July 31 (Bloomberg) -- Taiwan’s 10-year bonds rose this month and the currency weakened as official data showed the economy unexpectedly declined in the second quarter.
Gross domestic product fell 0.16 percent from a year earlier in the three months through June, after increasing 0.39 percent in the previous quarter, the statistics bureau said today. The median estimate in a Bloomberg News survey of 13 economists was for a 0.5 percent expansion.
“The really bad GDP numbers are affecting the bond market today,” said James Wang, a debt trader at Yuanta Securities Co. in Taipei. “Slowing global growth and the European debt crisis is hurting the earnings outlook of Taiwan’s exporters; that’s providing a bullish environment for bonds as well.”
The yield on the 1.25 percent bonds due March 2022 fell five basis points, or 0.05 percentage point, this month to 1.176 percent, according to Gretai Securities Market. The rate was little changed today. The benchmark 10-year rate has dropped six basis points, or 0.06 percentage point, in July, according to data compiled by Bloomberg.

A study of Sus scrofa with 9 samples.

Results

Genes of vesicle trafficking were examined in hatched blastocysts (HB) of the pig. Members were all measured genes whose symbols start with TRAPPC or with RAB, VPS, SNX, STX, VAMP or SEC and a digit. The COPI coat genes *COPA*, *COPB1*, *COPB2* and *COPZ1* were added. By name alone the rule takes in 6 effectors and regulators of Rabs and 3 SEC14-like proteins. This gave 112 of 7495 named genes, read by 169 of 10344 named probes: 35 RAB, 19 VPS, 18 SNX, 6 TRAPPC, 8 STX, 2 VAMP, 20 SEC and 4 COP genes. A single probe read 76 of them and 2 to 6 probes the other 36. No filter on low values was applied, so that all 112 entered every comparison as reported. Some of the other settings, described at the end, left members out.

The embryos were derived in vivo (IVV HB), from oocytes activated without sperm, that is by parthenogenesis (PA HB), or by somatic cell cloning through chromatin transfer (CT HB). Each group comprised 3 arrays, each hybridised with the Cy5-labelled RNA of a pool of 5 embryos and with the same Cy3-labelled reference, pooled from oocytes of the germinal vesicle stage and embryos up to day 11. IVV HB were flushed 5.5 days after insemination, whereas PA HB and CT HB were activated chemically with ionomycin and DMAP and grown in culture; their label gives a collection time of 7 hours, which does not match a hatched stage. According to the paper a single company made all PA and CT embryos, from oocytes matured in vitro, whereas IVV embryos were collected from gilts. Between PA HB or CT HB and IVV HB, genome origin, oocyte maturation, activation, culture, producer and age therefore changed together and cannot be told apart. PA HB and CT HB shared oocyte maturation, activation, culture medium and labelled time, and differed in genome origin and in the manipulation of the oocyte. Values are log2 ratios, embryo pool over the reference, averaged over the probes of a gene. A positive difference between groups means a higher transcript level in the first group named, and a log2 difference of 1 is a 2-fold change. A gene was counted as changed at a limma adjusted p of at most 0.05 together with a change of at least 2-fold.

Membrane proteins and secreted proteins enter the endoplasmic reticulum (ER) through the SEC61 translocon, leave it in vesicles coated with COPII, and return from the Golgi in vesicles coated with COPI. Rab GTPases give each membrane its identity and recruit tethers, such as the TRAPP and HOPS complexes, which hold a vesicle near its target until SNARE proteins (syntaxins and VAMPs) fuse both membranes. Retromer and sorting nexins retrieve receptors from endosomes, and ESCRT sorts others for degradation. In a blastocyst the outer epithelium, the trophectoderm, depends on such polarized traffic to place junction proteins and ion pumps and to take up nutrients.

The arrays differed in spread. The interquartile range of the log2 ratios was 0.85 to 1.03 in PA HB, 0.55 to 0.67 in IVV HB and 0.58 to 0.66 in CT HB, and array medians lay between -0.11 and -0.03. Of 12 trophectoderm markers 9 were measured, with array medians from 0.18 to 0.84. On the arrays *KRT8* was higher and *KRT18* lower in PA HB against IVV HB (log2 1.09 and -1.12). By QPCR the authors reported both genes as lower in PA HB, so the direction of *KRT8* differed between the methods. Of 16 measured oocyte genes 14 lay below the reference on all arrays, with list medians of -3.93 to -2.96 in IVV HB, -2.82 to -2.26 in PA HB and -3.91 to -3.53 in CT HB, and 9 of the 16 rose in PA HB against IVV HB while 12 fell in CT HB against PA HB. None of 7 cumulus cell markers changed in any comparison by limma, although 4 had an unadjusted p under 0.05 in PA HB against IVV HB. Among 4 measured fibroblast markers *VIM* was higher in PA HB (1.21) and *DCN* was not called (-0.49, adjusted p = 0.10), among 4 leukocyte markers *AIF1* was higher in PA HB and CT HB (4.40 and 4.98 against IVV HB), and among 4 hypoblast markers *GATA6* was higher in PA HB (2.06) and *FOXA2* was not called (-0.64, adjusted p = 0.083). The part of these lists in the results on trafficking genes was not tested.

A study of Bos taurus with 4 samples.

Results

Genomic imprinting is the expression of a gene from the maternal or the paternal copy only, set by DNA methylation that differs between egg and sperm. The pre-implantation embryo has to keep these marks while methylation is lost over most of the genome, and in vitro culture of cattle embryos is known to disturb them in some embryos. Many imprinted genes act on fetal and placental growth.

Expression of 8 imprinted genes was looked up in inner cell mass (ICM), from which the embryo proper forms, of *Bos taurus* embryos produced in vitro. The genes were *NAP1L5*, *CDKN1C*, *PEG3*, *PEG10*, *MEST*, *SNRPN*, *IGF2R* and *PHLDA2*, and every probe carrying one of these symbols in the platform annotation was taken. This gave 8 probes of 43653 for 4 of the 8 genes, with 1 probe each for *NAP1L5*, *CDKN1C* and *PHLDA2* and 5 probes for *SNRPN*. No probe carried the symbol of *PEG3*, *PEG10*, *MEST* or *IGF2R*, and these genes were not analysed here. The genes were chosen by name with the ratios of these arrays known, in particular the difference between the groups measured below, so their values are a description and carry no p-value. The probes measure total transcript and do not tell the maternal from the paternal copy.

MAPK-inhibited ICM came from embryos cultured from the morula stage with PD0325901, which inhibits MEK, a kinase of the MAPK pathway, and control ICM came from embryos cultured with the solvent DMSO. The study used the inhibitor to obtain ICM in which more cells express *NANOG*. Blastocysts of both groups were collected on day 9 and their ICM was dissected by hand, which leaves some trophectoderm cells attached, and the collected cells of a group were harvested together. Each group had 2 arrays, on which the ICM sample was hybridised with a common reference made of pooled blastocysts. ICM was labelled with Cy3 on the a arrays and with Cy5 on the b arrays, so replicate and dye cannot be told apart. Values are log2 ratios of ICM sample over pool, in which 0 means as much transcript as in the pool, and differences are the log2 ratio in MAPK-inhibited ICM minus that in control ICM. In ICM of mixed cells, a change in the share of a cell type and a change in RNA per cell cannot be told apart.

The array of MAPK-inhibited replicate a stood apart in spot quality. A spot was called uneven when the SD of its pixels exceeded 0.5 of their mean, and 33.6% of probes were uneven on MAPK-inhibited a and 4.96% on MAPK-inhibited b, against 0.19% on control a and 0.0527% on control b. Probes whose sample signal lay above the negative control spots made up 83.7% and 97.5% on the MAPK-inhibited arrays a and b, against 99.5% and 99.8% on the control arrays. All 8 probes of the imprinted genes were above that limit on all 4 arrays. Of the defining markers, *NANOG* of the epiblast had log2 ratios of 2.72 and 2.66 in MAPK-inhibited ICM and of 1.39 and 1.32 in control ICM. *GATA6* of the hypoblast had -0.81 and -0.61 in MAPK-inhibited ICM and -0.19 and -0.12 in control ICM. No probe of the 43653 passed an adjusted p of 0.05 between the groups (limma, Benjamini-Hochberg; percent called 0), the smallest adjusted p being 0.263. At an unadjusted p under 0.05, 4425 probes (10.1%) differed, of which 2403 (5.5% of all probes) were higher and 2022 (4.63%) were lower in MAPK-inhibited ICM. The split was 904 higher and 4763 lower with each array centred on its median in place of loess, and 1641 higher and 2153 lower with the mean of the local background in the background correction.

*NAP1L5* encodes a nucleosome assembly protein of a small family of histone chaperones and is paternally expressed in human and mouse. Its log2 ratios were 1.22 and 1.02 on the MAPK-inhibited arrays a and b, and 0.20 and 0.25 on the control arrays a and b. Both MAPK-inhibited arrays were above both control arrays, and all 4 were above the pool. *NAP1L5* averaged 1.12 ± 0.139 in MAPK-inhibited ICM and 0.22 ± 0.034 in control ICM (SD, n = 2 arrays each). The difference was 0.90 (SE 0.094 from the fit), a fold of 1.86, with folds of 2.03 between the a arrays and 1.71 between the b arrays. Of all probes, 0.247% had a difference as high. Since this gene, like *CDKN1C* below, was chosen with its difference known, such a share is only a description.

The Taiwan dollar slid 0.4 percent to NT$30.010 against its U.S. counterpart from a month ago, according to Taipei Forex Inc. The currency gained 0.2 percent today. It touched NT$30.24 on July 26, the weakest level since Jan. 9.
One-month implied volatility, a measure of exchange-rate swings used to price options, fell 30 basis points for the month to 3.60 percent.
The overnight money-market rate fell 12 basis points to 0.39 percent, the biggest monthly decline since January 2009, according to a weighted average compiled by the Taiwan Interbank Money Centre.